This article appeared online at on Monday, July 13, 2015:

Sitting in church one Sunday morning in 2001, Jim Sable, at age 62 one of the youngest members of his Twin Cities gun club, saw an announcement in the church bulletin: “Mentor needed as a trap shooting tutor.” He jumped at the chance to help reverse the aging trend among his peers. Calling it “divine providence,” Sable started tutoring a 14-year-old girl from the church in the fine art of winging clay pigeons with a 12-guage shotgun. She became the first member of the Orono High School trapshooting team.

By 2010, there were 340 students from around the state of Minnesota taking part in the sport. In 2012, there were 1,500. In 2014, there were 6,100.

So far this year 8,600 high-school students, on 268 teams, are practicing those skills at 165 ranges across the state. Hundreds more have been turned away for lack of facilities and coaches such as Sable. Other states such as Wisconsin and have launched their own leagues in preparation for the Minnesota State High School Clay Target League’s championship, the world’s largest shooting-sports event. Another 30 states have inquired about installing similar programs in their high schools.

This despite the anti-gun media’s efforts to denigrate the sport. As John Nelson, a friend and colleague of Sable’s who helped launch the program in Minnesota, said, “Kids, guns and schools. You can imagine the reaction.”

Trapshooting has been a sport since 1750 in England and moved to the colonies in 1831. It also formerly involved real pigeons placed under hats and released at a signal. Clays were introduced in the 1880s as the pigeon population declined. Clay pigeons were first launched by automatic trap machines starting in 1909. It has been an Olympic sport since 1900. A cousin of skeetshooting and sporting clays, trapshooting has two governing bodies, the Amateur Trapshooting Association (ATA) and the Pacific International Trapshooting Association (PTTA).

Tom Koppe, who recently graduated from Hopkins High School, joined a trapshooting team in the seventh grade. Last month he and his teammates competed in the state’s annual clay target state tournament at the Minneapolis Gun Club in Prior Lake. A total of 31 teams from around the state competed — a total of 217 competitors — along with another 100 individual competitors. Koppe noted that “Hopkins [located in Minnetonka, a southwestern suburb of Minneapolis] is not exactly an outdoorsman community … [and] some of the kids thought we all drive trucks [because we must be backwoods people, rednecks, and gun nuts]. I drive a Prius.”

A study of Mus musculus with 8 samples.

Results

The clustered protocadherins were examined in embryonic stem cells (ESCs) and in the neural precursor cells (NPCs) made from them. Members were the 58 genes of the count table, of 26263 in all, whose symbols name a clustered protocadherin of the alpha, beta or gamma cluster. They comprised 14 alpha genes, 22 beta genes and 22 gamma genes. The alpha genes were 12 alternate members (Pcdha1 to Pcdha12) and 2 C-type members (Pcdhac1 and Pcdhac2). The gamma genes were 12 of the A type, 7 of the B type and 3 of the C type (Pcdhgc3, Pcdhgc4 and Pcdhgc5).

Koppe’s remarks encapsulate the paradigm shift taking place among high-school students, that trapshooting is “cool” and attractive. It also, according to its sponsors, teaches safety, personal responsibility, and teamwork. They learn eye-hand coordination, proper footwork, how to track a target moving across their field of vision at 40 miles per hour, and how to handle competitive pressure.

As Dennis Knudson, a 74-year-old lifelong trapshooter, noted, “This is the best thing to happen to the shooting sports in 50 years. It’s fun to see youngsters stepping up. It will preserve the sport and they’ll do it for the rest of their lives.”

The trapshooting renaissance is reaching many students who have never shot a gun before, some of whom are becoming aware of the war on guns and the in the process of learning how to shoot. And that is helping change the conversation.

When Courtney Olson learned that her son Zac wanted to join the local trapshooting team at Lakeville South High School, she was repulsed at the idea. But once seeing him blossom into one of the school’s top shooters, she not only changed her mind but also helped Zac invest in a $1,400 shotgun and a $600 Glock 17 semi-automatic pistol as well.

Andy Krebs, a classmate of Zac’s, has turned into an ardent supporter of the Second Amendment. Andy said, “I don’t know if I really would have been exposed to that had the team not come to the school.” Now Andy often wears a t-shirt emblazoned with “Free men do not ask permission to bear arms.”

Dennis Taylor, an operations manager at the Wisconsin Trapshooting Association and NRA member, put it this way: “These kids are going to be future legislators, and they’re going to get in there and know the truth about weapons.”

Zac and Andy and their team hit 464 targets out of a possible 500, claiming the first-place trophy as Minnesota champions.